Git It Anywhere

Just a quick tech tip: if you have Skydrive (or GDrive or Dropbox or . . . .) you can get Git on any machine you have to use without having to install it on the machine.  Here’s how:

  1. Get the Portable Git package
  2. Create a directory on your cloud drive for Git (I use utilities\git but I cannot think of any reason to prefer one to another.)
  3. Unzip Portable Git into that new directory

Tada!  You can now access Git any place you can access your cloud storage.  Of course, this may not allow you to push up to your Github repository but it will still allow you to have version control on any machine from which you can access the cloud.

R. I. P. Cousin Tony

On Saturday last I learned that my dad’s cousin, Donald Anthony Cornacchio had passed away.  It’s never easy to put in words how we feel about someone we’re close to and Tony (I always called him Tony—no one called him “Donald” that I know of and I think he hated to be called “Donald”) was more like an uncle to me than a distant cousin. 

I’m not exactly sure what happened to him but I get the notion that he was suffering from cancer and it finally got him.  I know that must sound strange—saying I was close to my dad’s cousin and then saying “but I don’t know exactly how he died.” It’s because for the last several years he’d lived in Indiana far away from the rest of my extended family.  Life has a way of drifting people apart I guess.

I’ve only had a few people hang a nickname on me in my life.  My uncle Giovanni and my cousin Louie Sardy used to call me “Onion”.  I liked that because it made me feel a bit less awkward at a time in my life when I often felt like I was on the outside looking in.  In college my roommates called me “The Latin Lover” which was a joke because I never had any dates.  But I laughed along with them because I knew they weren’t trying to be mean but rather it was the kind of good-spirited teasing that friends do to each other.  My cousin Ann-Marie calls me “Frau” after “Frau Blucher” in Young Frankenstein. We both find that movie immensely funny even after having probably watched it 40 times between the two of us.

A good nickname is sort of a special friendship between people; let the rest of the world call you what they like—to me you’re . . . the nickname.  We’ve got a nice safe friendly space here and that nickname is the password for you and me.  I think I heard Smokey Robinson (whose real name is William) relating how his favorite uncle had given him the nickname “Smokey” because he was self-conscious about the light tone of his skin.  A nickname can help to smooth the rough road of life sometimes.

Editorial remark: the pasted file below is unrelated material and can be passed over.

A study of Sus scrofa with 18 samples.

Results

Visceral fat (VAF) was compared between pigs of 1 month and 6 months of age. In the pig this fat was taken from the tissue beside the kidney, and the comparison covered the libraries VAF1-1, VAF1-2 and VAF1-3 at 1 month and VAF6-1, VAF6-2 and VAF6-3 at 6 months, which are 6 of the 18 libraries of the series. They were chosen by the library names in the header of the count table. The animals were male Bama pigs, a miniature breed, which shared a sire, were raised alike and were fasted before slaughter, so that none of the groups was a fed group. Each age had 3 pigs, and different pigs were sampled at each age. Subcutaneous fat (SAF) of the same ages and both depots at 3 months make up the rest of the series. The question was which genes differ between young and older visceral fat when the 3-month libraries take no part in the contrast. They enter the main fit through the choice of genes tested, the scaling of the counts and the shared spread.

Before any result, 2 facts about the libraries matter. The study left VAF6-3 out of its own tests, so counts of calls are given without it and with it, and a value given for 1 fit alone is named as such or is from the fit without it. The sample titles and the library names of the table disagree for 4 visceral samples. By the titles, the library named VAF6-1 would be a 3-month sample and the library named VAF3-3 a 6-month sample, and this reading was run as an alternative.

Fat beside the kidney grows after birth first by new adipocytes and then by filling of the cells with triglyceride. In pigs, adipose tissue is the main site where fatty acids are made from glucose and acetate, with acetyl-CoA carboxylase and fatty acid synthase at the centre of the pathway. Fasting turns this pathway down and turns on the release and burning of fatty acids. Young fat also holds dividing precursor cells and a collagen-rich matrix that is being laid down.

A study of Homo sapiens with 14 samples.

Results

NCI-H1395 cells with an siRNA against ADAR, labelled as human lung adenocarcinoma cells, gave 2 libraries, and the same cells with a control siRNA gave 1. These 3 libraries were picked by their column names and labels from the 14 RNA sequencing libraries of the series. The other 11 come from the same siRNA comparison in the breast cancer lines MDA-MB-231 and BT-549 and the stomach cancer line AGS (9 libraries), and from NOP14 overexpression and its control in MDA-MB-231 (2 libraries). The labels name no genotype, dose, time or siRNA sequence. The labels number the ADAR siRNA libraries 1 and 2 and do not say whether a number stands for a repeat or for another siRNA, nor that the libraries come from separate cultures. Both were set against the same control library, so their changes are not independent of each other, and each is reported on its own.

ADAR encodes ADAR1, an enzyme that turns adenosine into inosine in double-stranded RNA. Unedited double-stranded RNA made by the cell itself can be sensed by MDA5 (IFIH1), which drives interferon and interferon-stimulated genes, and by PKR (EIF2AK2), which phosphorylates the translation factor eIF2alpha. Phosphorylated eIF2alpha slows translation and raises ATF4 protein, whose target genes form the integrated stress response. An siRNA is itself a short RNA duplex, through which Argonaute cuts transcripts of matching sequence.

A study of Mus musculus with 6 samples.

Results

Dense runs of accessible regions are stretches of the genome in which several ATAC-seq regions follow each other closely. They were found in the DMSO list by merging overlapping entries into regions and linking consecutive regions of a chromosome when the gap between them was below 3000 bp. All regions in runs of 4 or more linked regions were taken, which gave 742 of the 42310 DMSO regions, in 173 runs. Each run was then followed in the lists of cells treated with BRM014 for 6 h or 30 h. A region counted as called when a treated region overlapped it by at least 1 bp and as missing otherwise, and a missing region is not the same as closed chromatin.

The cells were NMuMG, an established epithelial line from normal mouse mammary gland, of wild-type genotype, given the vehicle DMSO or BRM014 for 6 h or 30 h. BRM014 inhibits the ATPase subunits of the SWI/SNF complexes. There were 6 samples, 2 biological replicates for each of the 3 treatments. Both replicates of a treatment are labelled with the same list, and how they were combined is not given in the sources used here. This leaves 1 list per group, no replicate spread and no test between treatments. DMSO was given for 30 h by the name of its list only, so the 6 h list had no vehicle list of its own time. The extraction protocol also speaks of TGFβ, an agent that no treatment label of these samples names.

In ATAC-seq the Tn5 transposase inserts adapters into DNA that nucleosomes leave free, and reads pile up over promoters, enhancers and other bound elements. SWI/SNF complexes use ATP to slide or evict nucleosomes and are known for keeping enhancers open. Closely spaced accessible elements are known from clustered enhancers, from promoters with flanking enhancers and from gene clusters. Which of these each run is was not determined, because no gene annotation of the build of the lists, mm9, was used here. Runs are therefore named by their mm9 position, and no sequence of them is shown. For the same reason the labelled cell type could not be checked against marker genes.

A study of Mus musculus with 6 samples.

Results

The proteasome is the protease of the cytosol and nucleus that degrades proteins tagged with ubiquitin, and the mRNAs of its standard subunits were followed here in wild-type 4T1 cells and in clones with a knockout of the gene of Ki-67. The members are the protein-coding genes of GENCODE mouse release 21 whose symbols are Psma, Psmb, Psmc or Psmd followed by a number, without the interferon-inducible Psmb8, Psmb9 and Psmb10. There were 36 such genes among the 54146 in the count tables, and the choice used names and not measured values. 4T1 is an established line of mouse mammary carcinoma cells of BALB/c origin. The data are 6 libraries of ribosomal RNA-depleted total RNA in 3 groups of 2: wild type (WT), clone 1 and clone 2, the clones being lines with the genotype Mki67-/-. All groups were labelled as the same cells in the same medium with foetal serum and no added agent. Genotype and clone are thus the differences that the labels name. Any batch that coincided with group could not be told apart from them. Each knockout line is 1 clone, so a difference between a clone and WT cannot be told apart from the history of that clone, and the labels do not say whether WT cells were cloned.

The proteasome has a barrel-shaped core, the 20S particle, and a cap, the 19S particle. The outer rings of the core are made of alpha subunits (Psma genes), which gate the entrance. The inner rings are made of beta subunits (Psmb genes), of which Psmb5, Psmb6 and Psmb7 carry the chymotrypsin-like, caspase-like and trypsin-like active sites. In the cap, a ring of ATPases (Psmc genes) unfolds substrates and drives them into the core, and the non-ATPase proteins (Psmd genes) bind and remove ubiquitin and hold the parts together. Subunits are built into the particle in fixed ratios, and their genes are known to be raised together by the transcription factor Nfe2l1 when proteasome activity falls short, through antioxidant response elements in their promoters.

Cousin Tony had a nickname for everyone he liked.  My dad was “Bounce”—I always thought that Tony had given dad that nickname but I learned a few years ago that my dad got that nickname when he was in high school.  And he called me “perfesser” (I know that’s not spelled right but that’s how Tony pronounced it.)  For some reason Tony always thought that I was a smart guy.  If I live to 100 I will always smile when I think of Tony calling me “perfesser” because Tony didn’t put on airs and he didn’t pretend to like people if he didn’t like them so when Tony gave you a nickname it was a sign of genuine affection.

The other thing that I will always remember about Tony was his given name.  I was complaining, as I often did when I was younger, about how annoying it was to be named with such an odd name as “Onorio”—how much teasing I took.  Tony said something to me like “Do you think you’re the only one who ever had anyone make fun of his name?” and he proceeded to relate to me that kids had cruelly called him Donald Duck and other names not quite so nice.  As an adult it’s hard to imagine being hurt by that kind of name calling but as a kid that kind of thing really hurts And knowing that my cousin Tony had suffered that too made it hurt just a little less—I felt just a little less excluded.

I am going to miss Tony because rather than seeing a little know-it-all and telling me (as he rightly might have) to stop being such a know-it-all, he gave me a great nickname and he made me feel pretty special. 

I could go on and on about Tony because even though he may have told you otherwise, Tony was a great person.  At some point it seems that trying to reduce a person’s life to a few sentences maybe cheapens things.  I hope that we’ll all be together again someday and I can tell Tony thank you in person.